Hundreds of drivers are at risk of being killed or severely injured by deer crossing the roads in the Horsham district and other country roads during October and November.
With up to 74,000 deer-related incidents happening in the UK each year, drivers should take extra caution when driving along country roads in Sussex.
If you hit a deer at 20mph you might be able to stop, but if you are doing 60mph you haven’t got a hope in hell!
This is a particularly crucial time of the year for deer as the days get shorter and the rutting season begins, when the males compete with one another for their territory.
Phillip Lucas, who has been involved in deer management in the Horsham area for 30 years, said: “There’s going to be, between now and Christmas time, about 30 deer which will be wounded by cars.”
He said: “If you hit a deer at 20mph you might be able to stop, but if you are doing 60mph you haven’t got a hope in hell!”
“Hitting a 40-50-kg deer is the equivalent of being hit by a large rock when you drive at 40mph.”
He added: “Do not let it be you.”
Mr Lucas receives an average of four calls a week during this season from the police, who ask him to remove the deer from the road.
He said in most cases drivers do not stop after they have hit the animal, instead, it is other drivers who report the incident to the police.
Mr Lucas has also warned not to touch, or cook, deer because of the risk of E.Coli spreading from the animal’s intestines and causing serious harm.
Hotspots in the Horsham area include Brighton Road between Horsham and Mannings Heath, Hammerpond Road next to Mannings Heath Golf Club and Forest Road in Colgate.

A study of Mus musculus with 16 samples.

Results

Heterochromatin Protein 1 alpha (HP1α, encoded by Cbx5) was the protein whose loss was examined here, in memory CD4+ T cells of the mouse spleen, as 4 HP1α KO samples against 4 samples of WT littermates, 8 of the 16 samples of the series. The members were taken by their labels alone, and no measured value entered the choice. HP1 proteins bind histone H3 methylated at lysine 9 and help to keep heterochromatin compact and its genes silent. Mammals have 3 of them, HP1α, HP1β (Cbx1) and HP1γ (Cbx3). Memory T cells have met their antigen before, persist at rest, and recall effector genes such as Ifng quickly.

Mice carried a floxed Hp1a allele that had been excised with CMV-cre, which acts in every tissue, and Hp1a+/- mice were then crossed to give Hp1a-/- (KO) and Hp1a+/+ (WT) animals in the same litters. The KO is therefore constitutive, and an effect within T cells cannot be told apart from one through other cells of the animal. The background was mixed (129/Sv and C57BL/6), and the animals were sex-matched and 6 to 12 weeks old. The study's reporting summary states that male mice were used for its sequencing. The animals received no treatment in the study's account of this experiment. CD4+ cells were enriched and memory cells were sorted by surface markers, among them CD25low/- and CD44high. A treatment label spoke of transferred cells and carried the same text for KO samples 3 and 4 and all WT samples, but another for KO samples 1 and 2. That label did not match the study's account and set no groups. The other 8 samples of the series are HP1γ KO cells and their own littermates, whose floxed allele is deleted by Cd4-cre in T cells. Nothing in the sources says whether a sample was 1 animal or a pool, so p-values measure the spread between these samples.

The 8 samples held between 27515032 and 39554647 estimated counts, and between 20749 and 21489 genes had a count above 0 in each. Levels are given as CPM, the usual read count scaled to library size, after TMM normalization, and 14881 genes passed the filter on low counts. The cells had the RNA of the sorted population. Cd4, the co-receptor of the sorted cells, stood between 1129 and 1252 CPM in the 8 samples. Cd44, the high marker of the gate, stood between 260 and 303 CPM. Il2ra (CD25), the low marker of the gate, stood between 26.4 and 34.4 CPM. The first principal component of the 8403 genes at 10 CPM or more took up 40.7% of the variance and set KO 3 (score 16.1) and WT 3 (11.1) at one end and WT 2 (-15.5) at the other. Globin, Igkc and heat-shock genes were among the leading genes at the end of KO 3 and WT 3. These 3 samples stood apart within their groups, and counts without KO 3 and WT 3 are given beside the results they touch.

Do you know of any other ‘deer hotspots’ - tell us about them in the comments section below.
A spokesman for the Southwater-based RSPCA said they have warned motorists to watch out for deer on the roads after a flood of calls about tragic accidents, including a deer which got stuck in a car grille.
They said: “Every year around this time, we hear similar stories of deer and people injured or even killed in road accidents so we urge drivers to slow down, take extra care and watch out for these animals for their own sake as well as theirs.
“As days get shorter, busy traffic times coincide with dawn and the early part of the night when deer are most active and hardest to spot.
“In wooded areas in particular, there may be very little warning before one or several deer bolt across.”
The Country Land and Business Association (CLA), a membership organisation that represents landowners, farmers and rural businesses, have also expressed deep concern on the high number of deer-related accidents in East and West Sussex.
CLA South East Regional Director Robin Edwards said: “If you are involved in an accident with a deer, report the incident to the police, even if there is no damage to your vehicle or passengers, as they can also arrange for a Deer Warden to attend.”
Anyone involved in deer-related accidents should report call the police on 101, or Phillip Lucas on 07711505674.
You can also visit http://www.deeraware.com/index.php for information.